Contractor

Sharpening the H&S focus: managing workplace risk

This article first appeared in Contractor Perspectives 2017.

Health and safety should be a core part of any business and not something you do once and file away on a shelf – it needs to be part of a daily routine. Vadim Spice, sector leader construction, WorkSafe New Zealand.

AROUND ABOUT THE time the Health and Safety at Work Act came into force you might have thought that it would just about ban everything. Kids would have to stop climbing trees and even coat hooks would fall foul of the law. Guess what? It wasn’t true.

The new law is not about banning everything and removing all risk at any cost. It’s about identifying risks and doing what is sensible to manage those risks.

As you may well know, good health and safety should be a core part of any business. It’s not something you do once and file away on a shelf – it needs to be part of your daily routine. It’s about getting the basics right: showing leadership, talking and listening to workers, identifying risks, and ensuring effective and proportionate controls are in place and being used day-in, day-out.

Any law change naturally creates some uncertainty, but health and safety doesn’t need to be complicated. For most businesses it’s pretty straightforward. The requirement to take practicable steps to manage workplace risks has been in place for 25 years. The Health and Safety at Work Act just sharpens the focus on ensuring that those who are in the best position to manage workplace risks are responsible for doing so.

That means it’s not just up to managers and supervisors. Under the new law everyone from directors down to the casual labourer has a role to play in keeping our workplaces healthy and safe.

And where there’s more than one business working at a site they need to talk to each other and agree on sensible health and safety measures. These measures should be based on the level of risk and who is best placed to manage that risk.

WorkSafe is finding that most businesses are getting it right. A lot of effort is going into finding innovative ways of communicating with workers and involving others on site, from health and safety-focused apps, to junior team members running pre-start meetings. Site inductions are becoming far more interactive, with subcontractors taking the time to talk with others on site before starting work.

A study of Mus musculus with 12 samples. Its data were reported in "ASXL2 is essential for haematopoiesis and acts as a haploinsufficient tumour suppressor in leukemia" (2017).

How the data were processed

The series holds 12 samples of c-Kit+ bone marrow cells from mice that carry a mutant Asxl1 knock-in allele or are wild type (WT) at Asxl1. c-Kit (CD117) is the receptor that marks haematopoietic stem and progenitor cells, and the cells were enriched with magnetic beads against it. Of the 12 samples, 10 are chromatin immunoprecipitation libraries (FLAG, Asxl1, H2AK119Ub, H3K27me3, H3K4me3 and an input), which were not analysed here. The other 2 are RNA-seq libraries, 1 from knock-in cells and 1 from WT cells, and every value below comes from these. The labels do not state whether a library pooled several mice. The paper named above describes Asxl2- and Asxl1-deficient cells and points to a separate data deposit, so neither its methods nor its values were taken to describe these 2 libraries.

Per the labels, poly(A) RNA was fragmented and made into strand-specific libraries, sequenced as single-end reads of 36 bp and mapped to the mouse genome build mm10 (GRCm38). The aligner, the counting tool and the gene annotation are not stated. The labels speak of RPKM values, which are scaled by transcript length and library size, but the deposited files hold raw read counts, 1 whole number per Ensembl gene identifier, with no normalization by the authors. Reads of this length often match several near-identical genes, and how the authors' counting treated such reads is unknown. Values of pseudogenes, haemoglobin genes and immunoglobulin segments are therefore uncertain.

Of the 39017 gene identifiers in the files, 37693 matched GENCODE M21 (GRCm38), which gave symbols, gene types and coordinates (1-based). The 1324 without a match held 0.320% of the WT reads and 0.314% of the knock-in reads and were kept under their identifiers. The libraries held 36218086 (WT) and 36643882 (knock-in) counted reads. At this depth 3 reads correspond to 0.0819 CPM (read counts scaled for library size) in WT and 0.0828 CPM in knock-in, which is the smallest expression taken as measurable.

The tired old hazard board that is usually days out of date and shows no real assessment of the best way to manage risks, is being replaced with bolder, clearer and realistic measures noted from actual team meetings. This is all evidence that workers are actively looking at the risks, reviewing them, coming up with more appropriate controls and clearly communicating this to others.

Critics of the new law would have you believe that you’re somehow expected to eliminate all risks. That’s not possible and is certainly not what WorkSafe expects. For us, it is business as usual – encouraging good practice and helping businesses implement a risk management approach.

Anecdotally, positive stories about the new Act are far outweighing the bad ones – it’s clear that people are recognising that everyone has a role to play in keeping each other healthy and safe at work.

We urge you not to get distracted by the myth-spinners and the inaccuracies. If you need reliable information, WorkSafe has helpful resources targeted at your industry here: http://construction.worksafe.govt.nz/.

We have also got some excellent examples of businesses that are passionate about health and safety, and want to share their approach to risk management. Have a read here: www.worksafe.govt.nz/worksafe/hswa/tools-and-resources/case-studies.